Is Spring in the air?

Filed in Expert Articles, General Information by on November 9, 2013

Tom Wiesen

It’s happening, yet it’s not obvious. As we march toward the spring equinox we can sense the shift occurring. A warm sun rises earlier each morning to curb the chill of the morning air. The later-setting sun seems to provide a touch more free time each day.

While March generally provides a great amount of snowfall, it is also a big melt month in lower and moderate elevations. It often snows during the night and melts in the sunny spots each day. This cycle brings about noticeable changes in the greenery.

For animals that eat plants green growth is far higher in nutrition than old brown grasses of mid-winter. Also, browsing on shrubs also becomes appealing as the tender twigs start to swell with buds. Grasses and shrubs provide essential food for deer, elk, moose, bighorns, rabbits and mice.

On recent sunny mornings I’ve heard clear singing “Fee-bee” and “Fee-bee-bay” by black-capped and mountain chickadees. Male chickadees sing to define parameters of their territory. A sort of “This land is my land, this land is your land” which limits direct competition for food and nesting sites. This also advertises availability to females.

Woodpeckers too have begun to establish territories. But unlike chickadees, woodpeckers do not sing rather they drum. I recently heard the first rhythmic drumming of the season. The male woodpecker chooses a tall dead tree with a dry wooden finger that reaches skyward to serve as a drumming post. Good resonation is essential so the “song” carries a good distance. Each woodpecker species has its own unique rhythms.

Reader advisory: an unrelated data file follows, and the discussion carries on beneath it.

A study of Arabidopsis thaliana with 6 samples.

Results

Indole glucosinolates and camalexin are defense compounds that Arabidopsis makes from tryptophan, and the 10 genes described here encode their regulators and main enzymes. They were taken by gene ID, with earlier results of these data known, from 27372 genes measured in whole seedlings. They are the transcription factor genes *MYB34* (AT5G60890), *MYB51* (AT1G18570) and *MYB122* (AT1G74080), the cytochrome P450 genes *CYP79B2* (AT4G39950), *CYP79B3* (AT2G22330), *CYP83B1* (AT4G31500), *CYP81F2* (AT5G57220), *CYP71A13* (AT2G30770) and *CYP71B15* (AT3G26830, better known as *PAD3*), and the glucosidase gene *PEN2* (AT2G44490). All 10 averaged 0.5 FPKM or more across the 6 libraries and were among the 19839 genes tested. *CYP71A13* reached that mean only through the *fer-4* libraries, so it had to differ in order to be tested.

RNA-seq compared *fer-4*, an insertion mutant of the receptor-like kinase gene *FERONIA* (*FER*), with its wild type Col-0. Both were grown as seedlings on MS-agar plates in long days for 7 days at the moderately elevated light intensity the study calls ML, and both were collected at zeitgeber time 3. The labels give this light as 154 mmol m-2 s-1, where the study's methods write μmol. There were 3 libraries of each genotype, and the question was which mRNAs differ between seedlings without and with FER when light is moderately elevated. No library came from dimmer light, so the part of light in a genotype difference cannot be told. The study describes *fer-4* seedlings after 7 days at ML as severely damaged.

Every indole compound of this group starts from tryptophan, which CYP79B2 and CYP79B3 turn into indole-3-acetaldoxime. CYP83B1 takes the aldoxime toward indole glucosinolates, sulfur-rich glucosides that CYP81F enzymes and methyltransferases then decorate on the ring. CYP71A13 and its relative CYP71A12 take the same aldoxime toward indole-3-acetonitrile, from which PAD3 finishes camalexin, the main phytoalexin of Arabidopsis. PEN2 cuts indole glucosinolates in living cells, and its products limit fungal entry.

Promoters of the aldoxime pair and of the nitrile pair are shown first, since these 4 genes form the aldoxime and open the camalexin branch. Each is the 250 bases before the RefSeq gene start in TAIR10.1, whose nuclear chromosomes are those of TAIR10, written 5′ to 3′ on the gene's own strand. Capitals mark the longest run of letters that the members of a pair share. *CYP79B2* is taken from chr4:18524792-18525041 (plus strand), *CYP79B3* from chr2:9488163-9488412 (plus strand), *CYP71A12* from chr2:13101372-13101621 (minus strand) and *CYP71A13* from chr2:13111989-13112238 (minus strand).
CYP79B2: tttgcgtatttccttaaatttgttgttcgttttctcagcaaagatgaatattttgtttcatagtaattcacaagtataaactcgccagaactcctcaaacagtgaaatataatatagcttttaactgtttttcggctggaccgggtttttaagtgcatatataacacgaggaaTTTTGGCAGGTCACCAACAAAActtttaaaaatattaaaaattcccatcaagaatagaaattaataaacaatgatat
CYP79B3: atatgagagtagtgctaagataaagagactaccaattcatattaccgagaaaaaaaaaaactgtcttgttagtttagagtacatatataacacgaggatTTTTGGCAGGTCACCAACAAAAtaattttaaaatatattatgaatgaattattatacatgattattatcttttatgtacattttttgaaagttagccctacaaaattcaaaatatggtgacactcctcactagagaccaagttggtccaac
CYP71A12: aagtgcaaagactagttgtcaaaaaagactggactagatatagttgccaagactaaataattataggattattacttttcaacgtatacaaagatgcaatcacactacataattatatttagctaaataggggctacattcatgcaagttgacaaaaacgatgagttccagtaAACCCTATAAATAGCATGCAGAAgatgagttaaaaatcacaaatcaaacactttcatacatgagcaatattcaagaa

Soon while snowshoeing we’ll stumble upon the first fresh woodchips from beavers sitting atop the snow near the bank of a stream. Beavers slept away much of the winter in a torpid state while nestled in a dry chamber within the beaver lodge. For winter food, beavers utilize a cache of limbs that they had dutifully stored the previous autumn. A beaver lodge sports a trap door that permits them to enter the pond beneath the ice. Here they feed safely while holding their breath.

It must be the lure of fresh air and fresh growth that brings the beavers out onto the springtime snow. Beaver tracks reveal a waddling gait with swishing arcs in the snow from its leathery pancake-flat tail.

Spring is also a time when we notice an influx of red-tailed hawks soaring over open grassy fields and sunny mountainsides. Areas receiving sunlight heat up and the rising warm air creates a thermal updraft that soaring hawks utilize to cover a lot of ground without ever flapping their wings.

Watch for flight displays of mating raptors. These rituals get the juices flowing. Often the male swoops down from above and behind the female, while the female rolls over and they touch or sometimes interlock talons.

Soon a favorite prey of hawks will pop up through the mud and snow and begin peeping. Ground squirrels spend the winter hibernating in an underground burrow. During this deep state the ground squirrels body temperature remained about 45 degrees and it never rolled over once.

The ground squirrel’s efficient metabolism drew energy from stored fat reserves to keep it alive. If a hibernating animal runs out of fat, it dies. That these animals are able to emerge from such a faraway state and wake up one warm spring day is miraculous.

Springtime is the beginning of the annual cycle. It is the season of rebirth and new growth. Smile when you see the first magpie with a twig in its bill gliding over to its mate at the site of its new nest.